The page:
Is it March already? This is the perfect time to dust off your portfolio and get your work shining for spring.
In this month's round-up, I've decided to focus on getting your work out there and sharing it. I'll start off by looking at some of the best portfolio and website builders. Then, once you have something for folks to look at, I'll go over some ideas to help get your work noticed. And no list would be complete without a couple of extras, right?
Online portfolio builders
Another option is Carbonmade (opens in new tab). Its interface is simple and the cost is reasonable. The only downside here is the limited number of templates. But if you're easily overwhelmed by too many options, this will be a great fit.
Likely one of the best options out there, Format (opens in new tab) is geared toward the creative professional. It offers a lot of templates from which to choose. You're even able to change fonts and colours. As an added bonus, you can download its free Format Galleries App, which lets you update your galleries right from your phone.
Another portfolio site builder with the creative professional in mind is Fabrik (opens in new tab). What I like about Fabrik is the simplicity of it all. When you first create your portfolio, you're given a few options based on different industries. After you make your selection, you're presented with templates to match.
Experts say the mailing list is the most valuable tool for any business. I agree. MailChimp (opens in new tab) is an email marketing service with 15 million customers. When you have a list, you'll be able to keep your subscribers up-to-date on the latest happenings with your art. Going to a conference? Cool. Let 'em know! You might be surprised at how many folks just need that monthly reminder.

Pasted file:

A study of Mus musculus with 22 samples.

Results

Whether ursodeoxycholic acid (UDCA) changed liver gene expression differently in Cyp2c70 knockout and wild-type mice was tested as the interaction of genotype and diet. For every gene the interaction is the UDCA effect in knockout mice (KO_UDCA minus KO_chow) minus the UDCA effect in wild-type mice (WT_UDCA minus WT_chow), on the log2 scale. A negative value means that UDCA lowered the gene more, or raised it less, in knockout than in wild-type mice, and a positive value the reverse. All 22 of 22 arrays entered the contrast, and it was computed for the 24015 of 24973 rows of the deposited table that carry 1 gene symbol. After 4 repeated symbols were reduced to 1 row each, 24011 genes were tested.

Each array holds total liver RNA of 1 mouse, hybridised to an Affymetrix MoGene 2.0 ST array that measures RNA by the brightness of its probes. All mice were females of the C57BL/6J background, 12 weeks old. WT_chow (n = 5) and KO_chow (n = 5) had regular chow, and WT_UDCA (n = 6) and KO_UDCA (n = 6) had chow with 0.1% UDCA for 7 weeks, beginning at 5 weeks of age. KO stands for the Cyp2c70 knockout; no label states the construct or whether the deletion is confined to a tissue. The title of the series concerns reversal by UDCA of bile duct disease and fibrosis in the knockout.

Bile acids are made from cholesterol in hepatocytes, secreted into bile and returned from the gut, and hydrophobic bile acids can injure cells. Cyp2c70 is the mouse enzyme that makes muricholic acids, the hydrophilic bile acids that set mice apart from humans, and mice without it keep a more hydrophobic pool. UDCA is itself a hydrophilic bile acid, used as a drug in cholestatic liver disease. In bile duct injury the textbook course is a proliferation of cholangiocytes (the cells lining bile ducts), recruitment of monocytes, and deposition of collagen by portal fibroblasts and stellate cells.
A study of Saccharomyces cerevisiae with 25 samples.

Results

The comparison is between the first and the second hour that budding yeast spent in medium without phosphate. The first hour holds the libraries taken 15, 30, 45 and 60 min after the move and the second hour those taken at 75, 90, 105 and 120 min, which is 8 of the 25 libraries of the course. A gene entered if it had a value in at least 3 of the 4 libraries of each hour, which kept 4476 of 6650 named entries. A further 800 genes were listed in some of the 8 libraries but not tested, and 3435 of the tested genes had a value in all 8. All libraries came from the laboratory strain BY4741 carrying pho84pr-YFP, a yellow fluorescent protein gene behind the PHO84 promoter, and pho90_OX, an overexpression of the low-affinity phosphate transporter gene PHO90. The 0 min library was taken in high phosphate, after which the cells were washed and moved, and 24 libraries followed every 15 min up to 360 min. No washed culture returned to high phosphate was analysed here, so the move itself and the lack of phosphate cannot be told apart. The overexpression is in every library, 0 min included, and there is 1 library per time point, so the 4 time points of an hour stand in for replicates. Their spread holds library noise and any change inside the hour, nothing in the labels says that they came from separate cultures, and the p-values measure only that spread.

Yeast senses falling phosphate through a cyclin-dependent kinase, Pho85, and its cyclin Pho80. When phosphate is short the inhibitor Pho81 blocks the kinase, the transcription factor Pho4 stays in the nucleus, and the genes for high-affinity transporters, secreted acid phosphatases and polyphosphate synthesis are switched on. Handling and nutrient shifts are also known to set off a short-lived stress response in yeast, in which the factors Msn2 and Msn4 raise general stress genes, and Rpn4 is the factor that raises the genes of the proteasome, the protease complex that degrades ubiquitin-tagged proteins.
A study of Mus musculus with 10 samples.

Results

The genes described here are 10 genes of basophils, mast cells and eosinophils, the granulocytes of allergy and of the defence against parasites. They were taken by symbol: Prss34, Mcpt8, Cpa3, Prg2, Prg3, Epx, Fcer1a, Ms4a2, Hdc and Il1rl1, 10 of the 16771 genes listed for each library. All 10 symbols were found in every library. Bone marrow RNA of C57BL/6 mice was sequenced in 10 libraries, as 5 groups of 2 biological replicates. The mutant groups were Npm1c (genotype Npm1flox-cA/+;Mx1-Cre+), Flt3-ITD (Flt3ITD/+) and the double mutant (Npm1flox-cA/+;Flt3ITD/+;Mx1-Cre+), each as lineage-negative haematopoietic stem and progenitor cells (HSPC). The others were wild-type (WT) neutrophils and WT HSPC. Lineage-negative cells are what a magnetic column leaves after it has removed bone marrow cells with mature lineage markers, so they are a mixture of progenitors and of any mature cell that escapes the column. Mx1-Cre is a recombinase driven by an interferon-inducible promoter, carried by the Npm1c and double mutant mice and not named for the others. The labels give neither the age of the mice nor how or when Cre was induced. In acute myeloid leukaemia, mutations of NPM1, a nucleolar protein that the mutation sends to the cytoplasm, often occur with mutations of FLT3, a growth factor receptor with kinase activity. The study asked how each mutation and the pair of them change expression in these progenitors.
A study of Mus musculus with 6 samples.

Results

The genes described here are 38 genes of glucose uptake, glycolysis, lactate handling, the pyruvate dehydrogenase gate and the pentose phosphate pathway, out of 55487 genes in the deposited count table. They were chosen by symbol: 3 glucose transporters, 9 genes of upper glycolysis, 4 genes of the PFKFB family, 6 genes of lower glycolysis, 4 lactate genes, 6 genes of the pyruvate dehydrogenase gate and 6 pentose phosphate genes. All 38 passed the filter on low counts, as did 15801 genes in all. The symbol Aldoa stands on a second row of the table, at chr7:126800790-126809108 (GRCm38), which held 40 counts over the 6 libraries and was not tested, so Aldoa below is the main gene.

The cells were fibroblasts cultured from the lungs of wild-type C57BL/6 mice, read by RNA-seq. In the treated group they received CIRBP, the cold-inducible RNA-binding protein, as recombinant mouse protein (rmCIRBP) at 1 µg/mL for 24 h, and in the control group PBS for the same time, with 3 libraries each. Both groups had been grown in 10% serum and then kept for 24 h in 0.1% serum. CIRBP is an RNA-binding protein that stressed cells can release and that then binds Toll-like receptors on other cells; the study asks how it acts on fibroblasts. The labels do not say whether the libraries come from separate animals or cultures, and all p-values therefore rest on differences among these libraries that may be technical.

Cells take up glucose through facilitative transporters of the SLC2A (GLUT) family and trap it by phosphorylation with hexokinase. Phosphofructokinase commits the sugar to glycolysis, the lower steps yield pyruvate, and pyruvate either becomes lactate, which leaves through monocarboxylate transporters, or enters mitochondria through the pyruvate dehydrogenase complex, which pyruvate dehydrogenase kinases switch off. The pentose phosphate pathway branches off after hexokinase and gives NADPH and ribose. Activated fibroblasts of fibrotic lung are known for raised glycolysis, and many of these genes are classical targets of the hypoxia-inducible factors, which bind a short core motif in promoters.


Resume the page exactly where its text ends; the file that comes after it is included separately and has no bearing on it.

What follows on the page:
07. How to sell your art online
08. Artist's & Graphic Designer's Market 2017
I'm sure I don't need to tell you about this one, but I felt like I'd be doing you a disservice if I left it off the list. The Artist's & Graphic Designer's Market 2017 (opens in new tab) book is what some might consider the be-all-and-end-all of reference books for illustrators. That having been said, the team do offer a lot of free resources on their site Artist's Market (opens in new tab), so you may want to skip the book if you're on a budget.
As a Dropbox user from the way back, I recently switched to Google Drive (opens in new tab) and I love it. Not only can you store your artwork in the cloud, but you can also use its tools to collaborate with other professionals.
While it's not exactly an artist's tool, I do find Slack (opens in new tab) to be invaluable – especially as a professional that rarely leaves the house. Using Slack, you're able to connect with others in your field. Not only is this a great way to make new friends, it's handy for forging professional connections. There are a lot of great public Slack Channels. One of the best ones around is #Launch (opens in new tab).